A journal open to a page that says 2024 with checkmarks lying on a desk next to a cup of coffee

Realistic New Year’s Resolutions to Care for Your Mental Health

New Year’s resolutions: the time when our thoughts turn to self-improvement and personal growth – whether it’s committing to more exercise, picking up a new skill or prioritising self-care. These resolutions can bring excitement, as we envision the possibilities of achieving our goals, but they can also carry a sense of apprehension about falling short of our own expectations.


And the apprehension is warranted – most resolutions don’t last more than a few weeks to a few months. Starting with overly ambitious intentions, setting goals with extended timelines, setting goals without a plan to achieve them, or adopting changes that seem important because others are doing the same, are some of the many reasons why our new year’s resolutions fail.


Another reason? Change is hard.


So if you’re looking for realistic resolutions that can improve your mental well-being, try one of the following.


Realistic mental health resolutions for the new year


Practice mindfulness. Practising mindfulness involves integrating activities like meditation and deep breathing exercises into your daily routine. The essence lies in being fully present in the moment without passing judgement on what you are thinking or feeling in response. By dedicating regular moments to cultivate this state of awareness, you can effectively reduce stress and anxiety, and enhance overall well-being. For tips on how to add a mindfulness practise to your daily routine, check out this article.


Learn how to ask for support. Recognizing when you’re feeling overwhelmed and in need of support, overcoming the hesitation or fear associated with seeking assistance, and actively confiding in or reaching out to friends, family, or professionals are all skills. And they are extremely important for your mental health, now and long term. Take small steps toward this by trying to use more sentences that start with, “I feel…,” which can open a conversation about current or future struggles.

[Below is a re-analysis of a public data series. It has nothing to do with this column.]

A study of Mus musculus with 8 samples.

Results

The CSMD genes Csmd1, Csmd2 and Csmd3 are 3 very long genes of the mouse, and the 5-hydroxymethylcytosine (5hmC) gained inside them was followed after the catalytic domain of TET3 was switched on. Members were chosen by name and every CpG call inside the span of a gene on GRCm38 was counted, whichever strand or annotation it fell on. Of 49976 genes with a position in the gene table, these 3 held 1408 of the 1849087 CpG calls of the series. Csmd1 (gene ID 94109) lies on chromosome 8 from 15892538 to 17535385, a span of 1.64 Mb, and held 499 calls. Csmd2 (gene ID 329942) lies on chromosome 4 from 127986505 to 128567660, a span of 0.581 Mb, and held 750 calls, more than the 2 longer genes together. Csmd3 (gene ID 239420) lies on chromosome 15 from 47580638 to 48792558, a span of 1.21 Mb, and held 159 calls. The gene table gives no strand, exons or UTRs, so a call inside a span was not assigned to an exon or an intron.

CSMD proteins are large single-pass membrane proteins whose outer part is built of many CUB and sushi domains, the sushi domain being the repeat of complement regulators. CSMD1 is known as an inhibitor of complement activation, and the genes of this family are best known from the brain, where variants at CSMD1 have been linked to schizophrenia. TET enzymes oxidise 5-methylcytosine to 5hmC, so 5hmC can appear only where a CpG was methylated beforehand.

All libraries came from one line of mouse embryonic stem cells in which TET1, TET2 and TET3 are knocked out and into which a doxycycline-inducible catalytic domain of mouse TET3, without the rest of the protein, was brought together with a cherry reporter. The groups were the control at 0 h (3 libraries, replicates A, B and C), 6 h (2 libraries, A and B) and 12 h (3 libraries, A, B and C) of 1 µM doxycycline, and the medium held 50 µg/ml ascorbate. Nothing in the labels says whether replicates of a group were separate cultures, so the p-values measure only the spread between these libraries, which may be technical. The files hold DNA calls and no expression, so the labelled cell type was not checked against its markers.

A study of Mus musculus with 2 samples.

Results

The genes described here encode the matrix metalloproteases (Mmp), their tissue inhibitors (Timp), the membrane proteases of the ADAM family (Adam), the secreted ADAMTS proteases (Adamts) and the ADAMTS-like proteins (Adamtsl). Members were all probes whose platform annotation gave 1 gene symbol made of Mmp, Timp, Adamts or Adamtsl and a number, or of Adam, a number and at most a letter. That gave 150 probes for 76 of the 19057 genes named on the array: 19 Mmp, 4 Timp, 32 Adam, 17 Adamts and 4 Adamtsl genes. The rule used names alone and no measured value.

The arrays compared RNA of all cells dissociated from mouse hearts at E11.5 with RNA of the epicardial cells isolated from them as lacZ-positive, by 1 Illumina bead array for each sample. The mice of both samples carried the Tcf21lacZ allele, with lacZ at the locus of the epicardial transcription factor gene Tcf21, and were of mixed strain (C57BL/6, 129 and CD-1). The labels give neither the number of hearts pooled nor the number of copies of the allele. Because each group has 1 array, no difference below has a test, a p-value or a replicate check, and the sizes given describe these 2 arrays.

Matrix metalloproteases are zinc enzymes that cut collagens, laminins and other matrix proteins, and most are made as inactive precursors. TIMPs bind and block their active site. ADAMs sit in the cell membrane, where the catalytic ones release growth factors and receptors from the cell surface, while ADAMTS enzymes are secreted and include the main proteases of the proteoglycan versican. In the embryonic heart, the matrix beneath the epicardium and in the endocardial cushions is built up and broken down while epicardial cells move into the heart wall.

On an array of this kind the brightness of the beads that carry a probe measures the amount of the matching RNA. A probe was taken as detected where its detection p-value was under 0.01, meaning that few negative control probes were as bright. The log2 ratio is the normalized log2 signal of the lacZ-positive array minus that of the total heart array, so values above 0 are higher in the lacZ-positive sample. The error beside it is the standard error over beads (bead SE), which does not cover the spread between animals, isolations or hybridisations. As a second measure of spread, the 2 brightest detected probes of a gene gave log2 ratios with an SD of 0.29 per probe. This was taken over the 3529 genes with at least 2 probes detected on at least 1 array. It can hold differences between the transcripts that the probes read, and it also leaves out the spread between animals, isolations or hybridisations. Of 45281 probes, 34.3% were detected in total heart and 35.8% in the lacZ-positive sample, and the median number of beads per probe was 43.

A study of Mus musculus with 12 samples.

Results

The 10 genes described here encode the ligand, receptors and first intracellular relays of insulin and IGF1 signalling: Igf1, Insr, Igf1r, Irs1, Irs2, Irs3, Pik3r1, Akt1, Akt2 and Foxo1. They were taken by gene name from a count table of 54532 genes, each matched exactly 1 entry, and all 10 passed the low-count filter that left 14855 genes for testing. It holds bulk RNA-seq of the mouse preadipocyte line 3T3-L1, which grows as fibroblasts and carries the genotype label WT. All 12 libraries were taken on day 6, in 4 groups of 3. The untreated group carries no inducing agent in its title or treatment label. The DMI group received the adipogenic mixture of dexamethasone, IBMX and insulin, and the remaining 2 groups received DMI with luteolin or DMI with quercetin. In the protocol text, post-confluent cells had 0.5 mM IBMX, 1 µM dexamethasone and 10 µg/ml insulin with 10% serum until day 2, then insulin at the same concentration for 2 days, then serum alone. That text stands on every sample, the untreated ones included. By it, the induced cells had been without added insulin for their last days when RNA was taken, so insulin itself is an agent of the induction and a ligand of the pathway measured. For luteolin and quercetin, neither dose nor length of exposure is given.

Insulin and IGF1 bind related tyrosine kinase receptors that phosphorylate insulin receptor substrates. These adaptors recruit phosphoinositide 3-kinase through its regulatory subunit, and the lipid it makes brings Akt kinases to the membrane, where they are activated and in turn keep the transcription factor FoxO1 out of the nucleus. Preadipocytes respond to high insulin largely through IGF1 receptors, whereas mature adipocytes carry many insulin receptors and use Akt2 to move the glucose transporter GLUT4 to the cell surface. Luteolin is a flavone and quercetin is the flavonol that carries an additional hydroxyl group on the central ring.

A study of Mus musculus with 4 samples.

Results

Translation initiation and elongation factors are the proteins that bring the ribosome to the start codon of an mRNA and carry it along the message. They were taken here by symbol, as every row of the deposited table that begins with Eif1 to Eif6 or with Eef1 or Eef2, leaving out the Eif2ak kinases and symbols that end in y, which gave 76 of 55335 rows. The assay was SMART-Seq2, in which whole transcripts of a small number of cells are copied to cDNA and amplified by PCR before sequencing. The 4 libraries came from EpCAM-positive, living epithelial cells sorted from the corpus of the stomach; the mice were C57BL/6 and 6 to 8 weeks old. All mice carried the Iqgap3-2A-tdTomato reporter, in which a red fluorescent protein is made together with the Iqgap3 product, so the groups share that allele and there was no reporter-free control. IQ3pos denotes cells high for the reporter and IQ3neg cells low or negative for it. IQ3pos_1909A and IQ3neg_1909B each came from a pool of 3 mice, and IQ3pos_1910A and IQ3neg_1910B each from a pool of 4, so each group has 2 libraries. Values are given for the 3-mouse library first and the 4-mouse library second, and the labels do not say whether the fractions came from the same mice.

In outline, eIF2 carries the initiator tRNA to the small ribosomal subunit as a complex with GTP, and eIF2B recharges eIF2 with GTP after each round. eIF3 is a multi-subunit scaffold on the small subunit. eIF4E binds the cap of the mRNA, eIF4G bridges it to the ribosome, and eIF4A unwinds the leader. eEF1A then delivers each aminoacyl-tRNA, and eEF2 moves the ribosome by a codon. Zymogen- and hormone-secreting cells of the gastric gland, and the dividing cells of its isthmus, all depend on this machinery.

Set boundaries. Setting boundaries in your life means defining limits to your behaviour or capacity in various areas such as work, relationships, and personal commitments. By clearly outlining what is acceptable and manageable for you, setting boundaries helps prevent burnout, promotes self-respect, and ensures you prioritize your mental well-being amid life’s demands.


Try gratitude journaling. Gratitude journaling involves regularly recording positive aspects of your life, from the mundane to the eventful; over time, this can foster a mindset shift towards appreciation and mindfulness. In turn, this new mindset can contribute to improved mental health and a more positive outlook on life.


Disconnect from social media. Take a break from a constant online presence, particularly on social media platforms. This might require temporarily logging out of or even uninstalling social media apps to reduce the influence of the digital world. Without the distraction, you’ll be able to be more present in the moment and may pursue new hobbies or pick up old ones — all results that support better mental health.


Prioritize sleep. Modern schedules often make sleep more of a reward than a purposeful activity. But getting enough, good quality sleep can significantly boost mental health. This resolution involves adopting healthy sleep habits, like setting a consistent sleep schedule, sticking to a regular relaxation and bedtime routine, creating a conducive sleep environment, and establishing a morning routine that helps you feel fully alert in the morning.


Seek professional mental healthcare. Taking the first step towards digital therapy or conventional, in-person therapy can feel overwhelming or unnecessary. But therapy of any kind isn’t just for a crisis. This resolution helps you reframe mental healthcare as a positive, even preventative step — which can have long-lasting positive effects on mental well-being.


Setting a New Year’s resolution isn’t necessary, but it can be a positive way to focus on self-improvement. The key is to approach any resolution in a planned manner that maximizes your chances of sticking with them. Remember: the aim is progress, not perfection.



Vidula V Sawant (M.A., M.Phil., CRR No. A80980) is a clinical psychologist with 4+ years of experience and a passion for understanding the complexities of our minds and behaviours.